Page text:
Willis News

The Common HR Problems Business College Grads Know to Prevent

April 25, 2018

business-collegeIt’s an established business principal that the fair management of individuals working in an organization translates into a more productive and motivated workforce. In fact, a recent survey indicated that 67% of US workers valued “respectful treatment of all employees” as “very important”, beating out all other considerations in their workplaces.

So what are some of the most common HR pitfalls? Let’s explore three that even a workplace run with the best intentions can experience.

Inadequate Training Can Complicate and Prolong the Bedding-In Period for New Hires

When an employee arrives in a new work environment, they are at their most vulnerable. They may be unfamiliar with their exact duties, the personalities and systems around them, and the prevailing company culture.

The employee will rightly expect to be introduced to the tools, colleagues and processes that the position involves. Ideally, this should include both the provision of authoritative, up-to-date documentation, and informative training sessions where questions can be raised and given sufficient attention.


Employee training should never really cease, so starting out right is crucial

However, pressing business concerns can often muscle training out of the picture, resulting in it being de-prioritized. In some cases, the expectation is that new workers pick up how to work by observing other colleagues. This is a makeshift way of inducting workers, and will come with a slower developmental rate, lower productivity, impact on existing employees’ productivity, and a less-satisfied workforce in the long run.

By ring-fencing training, the message that employees are valued will be sent, while the most effective and correct ways of doing things can be definitively stated. Business college grads know this will benefit both the company and the new hire in the long run.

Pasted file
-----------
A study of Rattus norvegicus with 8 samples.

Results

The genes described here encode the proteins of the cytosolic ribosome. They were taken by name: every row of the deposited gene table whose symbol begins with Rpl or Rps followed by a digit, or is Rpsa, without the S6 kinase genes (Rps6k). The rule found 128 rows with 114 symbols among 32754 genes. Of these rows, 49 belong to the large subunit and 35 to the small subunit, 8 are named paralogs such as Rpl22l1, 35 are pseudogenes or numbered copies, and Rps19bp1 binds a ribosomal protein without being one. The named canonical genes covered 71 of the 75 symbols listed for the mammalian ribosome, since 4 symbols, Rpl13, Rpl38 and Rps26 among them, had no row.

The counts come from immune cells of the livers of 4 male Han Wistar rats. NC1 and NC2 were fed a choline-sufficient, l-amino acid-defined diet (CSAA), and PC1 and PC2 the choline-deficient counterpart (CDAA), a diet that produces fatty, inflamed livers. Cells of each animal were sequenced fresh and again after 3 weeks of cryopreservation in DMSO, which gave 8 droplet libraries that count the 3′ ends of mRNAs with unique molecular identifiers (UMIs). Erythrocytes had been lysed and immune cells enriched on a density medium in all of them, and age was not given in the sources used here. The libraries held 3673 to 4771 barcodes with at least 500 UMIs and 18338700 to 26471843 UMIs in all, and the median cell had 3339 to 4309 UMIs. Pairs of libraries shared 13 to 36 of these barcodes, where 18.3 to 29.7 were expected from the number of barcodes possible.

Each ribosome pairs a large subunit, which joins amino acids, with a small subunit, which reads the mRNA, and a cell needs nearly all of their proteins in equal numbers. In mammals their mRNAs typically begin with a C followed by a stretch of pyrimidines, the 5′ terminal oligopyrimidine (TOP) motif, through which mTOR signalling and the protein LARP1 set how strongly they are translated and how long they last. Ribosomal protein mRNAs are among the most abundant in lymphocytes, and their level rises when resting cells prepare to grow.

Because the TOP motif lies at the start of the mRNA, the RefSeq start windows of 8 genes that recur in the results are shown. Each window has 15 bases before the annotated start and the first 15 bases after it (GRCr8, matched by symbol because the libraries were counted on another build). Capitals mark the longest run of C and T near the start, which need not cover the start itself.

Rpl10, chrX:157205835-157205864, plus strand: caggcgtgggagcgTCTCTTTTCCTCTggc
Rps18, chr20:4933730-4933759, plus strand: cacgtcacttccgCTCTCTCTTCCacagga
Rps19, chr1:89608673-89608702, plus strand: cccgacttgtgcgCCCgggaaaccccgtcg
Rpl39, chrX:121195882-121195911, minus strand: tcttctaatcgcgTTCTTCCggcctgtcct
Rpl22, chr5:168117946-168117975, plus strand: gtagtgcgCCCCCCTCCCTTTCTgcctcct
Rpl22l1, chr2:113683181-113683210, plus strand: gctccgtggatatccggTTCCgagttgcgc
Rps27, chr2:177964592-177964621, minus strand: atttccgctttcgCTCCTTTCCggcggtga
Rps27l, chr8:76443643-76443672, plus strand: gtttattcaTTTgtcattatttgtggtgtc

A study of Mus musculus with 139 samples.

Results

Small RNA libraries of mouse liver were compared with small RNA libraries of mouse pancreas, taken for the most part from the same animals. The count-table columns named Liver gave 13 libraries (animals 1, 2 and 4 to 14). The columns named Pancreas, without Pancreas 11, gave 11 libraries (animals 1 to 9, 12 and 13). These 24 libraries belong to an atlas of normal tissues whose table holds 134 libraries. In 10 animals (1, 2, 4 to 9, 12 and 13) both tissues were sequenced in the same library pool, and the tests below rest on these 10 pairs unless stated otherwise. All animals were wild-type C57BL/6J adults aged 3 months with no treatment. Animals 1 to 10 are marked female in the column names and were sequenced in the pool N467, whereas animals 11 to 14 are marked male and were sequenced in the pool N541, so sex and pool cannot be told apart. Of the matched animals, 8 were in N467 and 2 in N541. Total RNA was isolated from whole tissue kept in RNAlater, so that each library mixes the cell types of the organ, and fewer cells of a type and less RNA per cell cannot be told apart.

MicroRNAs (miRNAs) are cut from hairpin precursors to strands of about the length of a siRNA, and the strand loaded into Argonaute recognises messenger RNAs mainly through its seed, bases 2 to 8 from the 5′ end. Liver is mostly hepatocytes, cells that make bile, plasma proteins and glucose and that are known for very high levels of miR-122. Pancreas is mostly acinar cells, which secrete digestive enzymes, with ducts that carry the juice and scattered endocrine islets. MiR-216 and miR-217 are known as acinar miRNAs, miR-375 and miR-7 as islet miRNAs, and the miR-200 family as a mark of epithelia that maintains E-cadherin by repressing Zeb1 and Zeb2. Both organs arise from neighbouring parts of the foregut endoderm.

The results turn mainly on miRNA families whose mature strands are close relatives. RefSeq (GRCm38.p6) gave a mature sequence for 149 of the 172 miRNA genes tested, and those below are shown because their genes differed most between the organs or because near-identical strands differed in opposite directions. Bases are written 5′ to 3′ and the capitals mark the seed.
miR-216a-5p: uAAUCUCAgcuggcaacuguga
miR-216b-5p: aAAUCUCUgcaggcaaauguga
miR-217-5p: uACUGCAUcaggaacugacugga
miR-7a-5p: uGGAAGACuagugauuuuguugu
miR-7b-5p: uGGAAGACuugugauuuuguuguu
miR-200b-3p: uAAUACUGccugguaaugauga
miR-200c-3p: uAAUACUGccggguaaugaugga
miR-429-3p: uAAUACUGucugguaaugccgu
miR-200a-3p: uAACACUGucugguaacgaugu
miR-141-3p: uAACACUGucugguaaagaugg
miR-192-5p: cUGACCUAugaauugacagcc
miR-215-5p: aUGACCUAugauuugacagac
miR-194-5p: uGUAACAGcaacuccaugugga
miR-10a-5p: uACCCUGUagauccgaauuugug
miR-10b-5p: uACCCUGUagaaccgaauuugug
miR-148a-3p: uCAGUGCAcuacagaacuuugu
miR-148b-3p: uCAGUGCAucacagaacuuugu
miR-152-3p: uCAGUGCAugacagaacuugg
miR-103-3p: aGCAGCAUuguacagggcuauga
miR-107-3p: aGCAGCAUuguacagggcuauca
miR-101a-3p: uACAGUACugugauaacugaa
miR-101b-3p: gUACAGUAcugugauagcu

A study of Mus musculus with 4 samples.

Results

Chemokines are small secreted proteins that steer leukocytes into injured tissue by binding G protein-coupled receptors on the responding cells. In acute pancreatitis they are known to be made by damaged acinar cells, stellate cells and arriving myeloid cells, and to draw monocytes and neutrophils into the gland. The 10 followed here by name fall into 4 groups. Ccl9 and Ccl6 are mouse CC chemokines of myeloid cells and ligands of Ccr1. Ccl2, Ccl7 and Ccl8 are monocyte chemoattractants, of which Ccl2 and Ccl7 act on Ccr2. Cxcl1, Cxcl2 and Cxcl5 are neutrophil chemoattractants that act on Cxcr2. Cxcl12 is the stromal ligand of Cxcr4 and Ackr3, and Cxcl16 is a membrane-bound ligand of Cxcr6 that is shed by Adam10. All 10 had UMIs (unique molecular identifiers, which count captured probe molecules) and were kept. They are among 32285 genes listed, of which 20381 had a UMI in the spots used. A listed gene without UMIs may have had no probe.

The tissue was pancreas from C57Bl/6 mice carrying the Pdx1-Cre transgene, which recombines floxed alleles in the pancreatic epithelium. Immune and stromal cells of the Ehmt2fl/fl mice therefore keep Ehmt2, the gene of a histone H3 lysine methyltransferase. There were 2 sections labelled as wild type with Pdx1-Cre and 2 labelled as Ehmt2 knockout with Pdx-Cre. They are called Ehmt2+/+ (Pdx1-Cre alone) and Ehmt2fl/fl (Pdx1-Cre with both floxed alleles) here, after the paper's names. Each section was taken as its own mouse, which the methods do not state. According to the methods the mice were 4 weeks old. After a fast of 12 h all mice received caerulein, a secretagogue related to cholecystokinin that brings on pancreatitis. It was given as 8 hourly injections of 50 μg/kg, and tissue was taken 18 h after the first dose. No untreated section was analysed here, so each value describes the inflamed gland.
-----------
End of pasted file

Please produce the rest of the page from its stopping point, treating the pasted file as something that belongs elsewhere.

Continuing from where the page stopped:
Graduates of Business Programs Know the Need to Get the Employee Review Balance Right

The idea of labouring in obscurity is toxic to individual employees. In order to feel connected to the organization, a regular pattern of assessment and consultation with superiors should be established. This should be an evidence-led process, with targets hit, punctuality, demeanour, and initiative all being assessed. This can also serve as a space where employee feedback can be aired in a safe, designated environment. This process can also serve as a framework for salary reviews, which should be established at the contractual stage of the hiring process.


Engaged employees will actively seek regular guidance, feedback and appreciation

Many HR experts now regard the traditional model of the annual review as antiquated, with more frequent performance evaluation being preferable. Modern graduates of business programs will now opt for quarterly or even monthly check-ins. For those that let employees go for weeks and months without a review, a range of issues can arise. This can include an increasingly unmotivated workforce that feels unappreciated.

Misinterpreting Workers’ Classifications and Rights Can Cost Businesses

The role of contracted workers is becoming increasingly important in the modern workplace. Alongside regular employees, many sectors are making use of contracted labour for extended periods of time. Canada’s education, IT, finance, medical and general services sectors are now hot markets for this kind of labour. However, this environment can have potential pitfalls for businesses.

For one thing, contracting a worker under specific contract terms does not absolve the employer from specific provincial or federal requirements, such as tax payment, occupational health and safety conditions, and the provision of minimum pay and overtime.

Employers should familiarize themselves with the governing authority in their sectors, and strive to legally ensure that, from the start of their tenure, all individuals who work for the business are receiving the right level of remuneration and workplace protection. Not doing so risks HR issues and the potential prospect of fines and reputational damage.

Do you want to run an effective business that employees love working at?

Contact Willis College today to learn about our business management specialist diploma courses.